By Lisa Cook, PT, DPT

Therapydia Ballard

What is heel fat pad atrophy?

Heel fat pad atrophy (FPA) is one of the most common causes of heel pain in adults, after plantar fasciitis (PF). The fat pad is located at the bottom of the heel and its main purpose is to protect the calcaneus (heel bone), nerves, vascular tissues, ligaments, and tendons. In FPA, the fat pad thins and loses water, collagen, and elastic tissue which causes altered compressive forces and reduction in shock absorption which can injure the bone and soft tissues in the heel.

Who is at risk for FPA?

  • Endurance and longtime runners and those over 40
  • People who wear hard soled shoes
  • People who walk on hard surfaces

What are the symptoms of FPA?

FPA has similar presentation to PF and they can occur concurrently. FPA is characterized by:

  • worsening pain during prolonged standing
  • pain at night
  • bilateral centralized heel pain that radiate to the rest of the foot
  • first step pain can also occur in FPA though it is more common in PF.

Treatments for FPA

  • While plantar fascia and Achilles stretching is more beneficial for PF, it is still worthwhile to do with FPA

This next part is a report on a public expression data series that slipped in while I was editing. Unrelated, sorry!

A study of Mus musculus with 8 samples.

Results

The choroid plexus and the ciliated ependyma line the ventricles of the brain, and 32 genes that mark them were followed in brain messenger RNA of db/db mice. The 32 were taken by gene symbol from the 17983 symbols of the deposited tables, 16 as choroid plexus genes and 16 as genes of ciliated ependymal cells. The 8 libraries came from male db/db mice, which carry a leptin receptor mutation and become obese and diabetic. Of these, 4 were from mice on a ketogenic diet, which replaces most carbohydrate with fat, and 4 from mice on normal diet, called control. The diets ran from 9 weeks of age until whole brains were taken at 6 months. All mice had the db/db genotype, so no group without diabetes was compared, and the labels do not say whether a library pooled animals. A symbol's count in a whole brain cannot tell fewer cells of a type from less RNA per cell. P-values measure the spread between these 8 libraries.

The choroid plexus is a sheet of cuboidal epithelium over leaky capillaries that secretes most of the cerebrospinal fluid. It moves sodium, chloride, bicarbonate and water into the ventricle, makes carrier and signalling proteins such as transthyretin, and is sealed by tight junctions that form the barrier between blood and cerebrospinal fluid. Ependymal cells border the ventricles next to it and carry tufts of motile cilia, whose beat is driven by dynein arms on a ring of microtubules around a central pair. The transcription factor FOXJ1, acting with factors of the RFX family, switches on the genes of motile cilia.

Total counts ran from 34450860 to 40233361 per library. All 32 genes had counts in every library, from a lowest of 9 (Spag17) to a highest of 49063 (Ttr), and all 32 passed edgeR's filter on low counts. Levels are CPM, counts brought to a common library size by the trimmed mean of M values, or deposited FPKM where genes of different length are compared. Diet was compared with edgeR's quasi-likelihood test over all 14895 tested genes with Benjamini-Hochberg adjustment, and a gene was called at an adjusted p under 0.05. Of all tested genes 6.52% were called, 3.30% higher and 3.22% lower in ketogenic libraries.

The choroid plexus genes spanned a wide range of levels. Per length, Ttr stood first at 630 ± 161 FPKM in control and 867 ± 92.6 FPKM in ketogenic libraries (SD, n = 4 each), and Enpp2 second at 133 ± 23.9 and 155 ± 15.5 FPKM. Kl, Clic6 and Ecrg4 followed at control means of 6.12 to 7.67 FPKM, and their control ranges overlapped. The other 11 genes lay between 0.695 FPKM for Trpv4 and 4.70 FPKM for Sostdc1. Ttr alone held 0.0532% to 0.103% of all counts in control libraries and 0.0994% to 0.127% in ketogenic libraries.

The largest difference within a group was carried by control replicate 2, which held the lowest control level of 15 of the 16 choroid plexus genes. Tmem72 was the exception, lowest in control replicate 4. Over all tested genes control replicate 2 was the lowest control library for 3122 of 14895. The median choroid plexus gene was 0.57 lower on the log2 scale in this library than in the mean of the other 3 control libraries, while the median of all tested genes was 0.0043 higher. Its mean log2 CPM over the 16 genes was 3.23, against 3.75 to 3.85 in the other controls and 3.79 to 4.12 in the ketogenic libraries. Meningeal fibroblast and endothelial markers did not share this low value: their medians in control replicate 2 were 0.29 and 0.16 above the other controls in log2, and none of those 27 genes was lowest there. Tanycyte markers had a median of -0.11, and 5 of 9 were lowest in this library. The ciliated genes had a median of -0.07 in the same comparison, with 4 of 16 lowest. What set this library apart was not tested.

• Special taping techniques that your PT can teach you
  • Wearing cushioned socks, shoes with padding, heel cups, and heel cushions that do not break down over time.

Prevention of FPA

  • Avoid wearing hard-soled shoes
  • Avoid walking long distances on hard surfaces
  • Vary your running surfaces
  • Utilize some form of cushioning for your foot eg cushioned socks, shoes with padding, heel cups, and heel cushion


Jessica Jones

Physical Therapist

Jessica recently moved to Seattle from Boston, MA and is excited to join the Therapydia team. Her treatment experience includes orthopedics, sports medicine, pediatrics, and vestibular therapy. Jessica received her Doctorate in Physical Therapy from Northeastern University in Boston, MA in 2016. She has completed the Pediatric Physical Therapy Residency at Boston Children’s Hospital and is in the process of completing a Comprehensive Vestibular Rehabilitation certification. Jessica believes in empowering and inspiring patients to take control of their health through education, movement, and exercise. She enjoys treating patients of all ages and levels while utilizing soft tissue techniques, neuromuscular re-education, balance training as well as therapeutic exercise. In her free time, Jessica enjoys yoga, dancing, kayaking, and hiking with her dog!